The tension from this strategy comes more from the how than the if. When Tana attacks the ogre, will it be via her magic (which must go awry, because she needs a complication to flip that card back), or will she swing a sword (and get hurt, or lose the sword, via taking Condition cards), or will she be swatted away (and thus help Emory flip back his Guardian card)? That choice will affect every other action in the encounter
During playtest, players would often use up their "good" cards early on, then find themselves trying alternate strategies or looking at problems from new angles to use their remaining cards. To me this is good - it's a form of randomness, not in "does this work" but "HOW does this work".
And if you absolutely don't want to know ahead of time if an action should succeed, there's a stack of success/failure cards to draw from. I won't judge
Beyond that, pushing against Condition cards you've taken pose their own challenges. So the state of your cards represents a history that affects your ability to succeed in the now. And that history can be very random - it's made of all the decisions you made until now.
Of course, you can always succeed with a flipped card if you activate its downside, bringing a plot complication into play. But as players, that's what we want.
Most (but not all) dice systems don't encode history. Rolling a success now is no more or less likely because you rolled a failure then.
When you flip a character card, it stays flipped until you take action to flip it back. Until then, you can't use it to succeed at challenges. And you may encounter challenges where that card is the only safe way to proceed.
I want to talk about using randomizers in TTRPGs, and why I went diceless with #ConstellationCards
One reason people play games is to engage in exciting actions. It's often exciting not to know how an action will turn out. Risk builds excitement, and randomness with consequences for failure introduces risk. So "roll dice to find out" is an easy tool to indirectly add tension.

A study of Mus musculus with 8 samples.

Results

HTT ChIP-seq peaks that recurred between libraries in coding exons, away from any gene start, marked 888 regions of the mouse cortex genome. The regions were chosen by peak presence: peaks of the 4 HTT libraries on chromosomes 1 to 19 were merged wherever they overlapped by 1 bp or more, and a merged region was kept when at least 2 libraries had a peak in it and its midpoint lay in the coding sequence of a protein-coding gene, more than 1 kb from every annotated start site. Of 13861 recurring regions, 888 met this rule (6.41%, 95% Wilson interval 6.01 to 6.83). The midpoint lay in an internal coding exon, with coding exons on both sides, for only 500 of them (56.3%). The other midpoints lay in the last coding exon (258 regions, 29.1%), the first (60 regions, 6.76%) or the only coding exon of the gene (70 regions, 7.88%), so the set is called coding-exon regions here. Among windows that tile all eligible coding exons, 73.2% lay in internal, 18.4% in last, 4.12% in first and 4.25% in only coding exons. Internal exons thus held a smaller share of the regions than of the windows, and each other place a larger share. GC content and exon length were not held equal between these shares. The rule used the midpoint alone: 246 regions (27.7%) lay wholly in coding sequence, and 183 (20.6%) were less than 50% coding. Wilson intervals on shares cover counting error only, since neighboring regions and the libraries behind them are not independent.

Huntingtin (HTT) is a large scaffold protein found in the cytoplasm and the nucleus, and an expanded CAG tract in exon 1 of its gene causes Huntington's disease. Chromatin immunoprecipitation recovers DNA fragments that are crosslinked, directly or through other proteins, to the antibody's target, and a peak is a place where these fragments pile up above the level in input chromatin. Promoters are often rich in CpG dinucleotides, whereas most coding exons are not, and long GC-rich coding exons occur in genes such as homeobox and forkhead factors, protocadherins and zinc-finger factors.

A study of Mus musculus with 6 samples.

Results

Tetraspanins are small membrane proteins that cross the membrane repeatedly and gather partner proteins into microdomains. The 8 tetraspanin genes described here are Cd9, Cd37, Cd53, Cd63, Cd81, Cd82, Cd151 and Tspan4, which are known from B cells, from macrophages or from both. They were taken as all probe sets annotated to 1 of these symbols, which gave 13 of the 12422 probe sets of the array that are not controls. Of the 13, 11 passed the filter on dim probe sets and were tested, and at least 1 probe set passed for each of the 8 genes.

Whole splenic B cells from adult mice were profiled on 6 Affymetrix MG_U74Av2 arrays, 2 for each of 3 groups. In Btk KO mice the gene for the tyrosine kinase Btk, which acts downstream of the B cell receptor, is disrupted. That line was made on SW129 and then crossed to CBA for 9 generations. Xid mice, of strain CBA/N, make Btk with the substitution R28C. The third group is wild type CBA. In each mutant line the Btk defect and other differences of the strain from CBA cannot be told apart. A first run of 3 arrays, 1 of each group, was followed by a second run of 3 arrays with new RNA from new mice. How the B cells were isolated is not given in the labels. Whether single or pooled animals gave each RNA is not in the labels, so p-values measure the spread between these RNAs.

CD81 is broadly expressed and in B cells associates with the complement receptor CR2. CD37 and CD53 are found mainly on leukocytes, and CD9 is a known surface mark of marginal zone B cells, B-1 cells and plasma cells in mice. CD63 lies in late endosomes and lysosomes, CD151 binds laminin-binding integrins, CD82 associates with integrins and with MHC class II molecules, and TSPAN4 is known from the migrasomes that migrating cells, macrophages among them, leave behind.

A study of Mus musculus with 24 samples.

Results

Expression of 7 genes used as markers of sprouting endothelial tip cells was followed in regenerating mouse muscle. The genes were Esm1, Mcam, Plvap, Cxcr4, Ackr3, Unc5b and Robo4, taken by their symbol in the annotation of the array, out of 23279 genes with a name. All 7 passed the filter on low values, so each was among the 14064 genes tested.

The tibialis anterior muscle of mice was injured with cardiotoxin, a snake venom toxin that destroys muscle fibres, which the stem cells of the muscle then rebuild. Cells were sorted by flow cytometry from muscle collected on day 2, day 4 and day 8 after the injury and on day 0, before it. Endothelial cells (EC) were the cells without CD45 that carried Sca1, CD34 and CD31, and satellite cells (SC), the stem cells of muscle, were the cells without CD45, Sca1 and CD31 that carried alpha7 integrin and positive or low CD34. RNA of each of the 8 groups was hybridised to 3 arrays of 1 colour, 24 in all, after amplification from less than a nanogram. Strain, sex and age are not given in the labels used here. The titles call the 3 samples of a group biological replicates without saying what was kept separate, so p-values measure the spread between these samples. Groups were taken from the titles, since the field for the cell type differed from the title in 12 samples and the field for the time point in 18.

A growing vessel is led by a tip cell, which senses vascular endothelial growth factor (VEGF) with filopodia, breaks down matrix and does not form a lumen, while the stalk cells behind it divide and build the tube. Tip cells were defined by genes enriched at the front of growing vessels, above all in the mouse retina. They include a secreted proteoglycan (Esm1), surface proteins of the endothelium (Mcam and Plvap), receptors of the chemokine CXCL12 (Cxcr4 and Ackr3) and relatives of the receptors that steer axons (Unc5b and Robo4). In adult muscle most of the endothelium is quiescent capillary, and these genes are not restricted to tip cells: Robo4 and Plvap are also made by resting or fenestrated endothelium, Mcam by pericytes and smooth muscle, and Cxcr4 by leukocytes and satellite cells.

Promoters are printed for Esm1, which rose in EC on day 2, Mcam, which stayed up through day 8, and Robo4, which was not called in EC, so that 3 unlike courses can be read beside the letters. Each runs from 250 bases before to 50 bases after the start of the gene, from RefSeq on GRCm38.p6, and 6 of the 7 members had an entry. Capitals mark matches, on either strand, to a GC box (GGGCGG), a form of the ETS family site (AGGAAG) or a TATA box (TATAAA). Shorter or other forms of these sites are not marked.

Today's #ConstellationCards encounter draw: Amazement, Portentious, Diabolical
The Devil Prophet has come to the village where the PCs are staying. This emissary of Hell shares the dark secrets of the citizens, while warning of Hell's plans to invade other lands. Curiously, the Prophet seems happier when a citizen owns up to their failings, and seems regretful about their dire tidings. What is their real motive?
Today's #ConstellationCards PC draw: Insular, Synthesist, Training
You grew up in as a reclusive scholar in a religious commune, studying ethics, natural philosophy, psychology, and medicine in order to understand the world the creator made. Now you are on a pilgrimage, healing whoever you encounter. You may not return home until you can answer the question of the pilgrimage: "why is there evil in the creator's world?"
Encounter cards, including the "Vigilance" card in the process of being flipped. The card flip animation is simple but it's a really nice touch.
Three cards showing a randomly drawn character. You can create characters in seconds, or manually pick the cards you like.
The list of all cards, organized by stack. Click the icon to draw a random card, or unfold the stack to pick a specific card
I’ve been working on a #ConstellationCards VTT for awhile, and a very early version of it is up and running. Over the next couple of weeks, I’ll be testing the UI and posting screenshots (or asking for testers)
Today's #ConstellationCards encounter draw: Terror, Armored, Monstrous
The Great Beast is rampaging across the landscape. It's too tough to challenge in conventional combat - its scales turn away arrows and blades. But maybe it can be lured elsewhere - or maybe its rage is the product of a pain that can be assuaged? Either way, nobody else seems brave enough to try dealing with it.
Today's #ConstellationCards PC draw: Cosmopolitan, Guardian, Tech
You invented a gadget that might change the world - and now you've got to keep it out of the hands of unscrupulous people from back home. You've left your city behind to find the quietest backwater you can, only trouble seems to keep finding you...
Found an old character sheet for a robot PC, where I took a shot at alternatives to Asimov’s Three Laws. D7’s directives were:
1. Preserve life
2. Preserve civilization
3. Preserve truth
4. Preserve harmony
5. Preserve yourself
There was a reason for each, and a reason for their order, and in play it worked pretty well as a moral code
It’s almost the end of the month, and the Autism Acceptance Month bundle is ending tomorrow! Last chance to support autistic creatives in the only ways that matter (listening to them and giving them money directly) and get a bunch of games and goodies!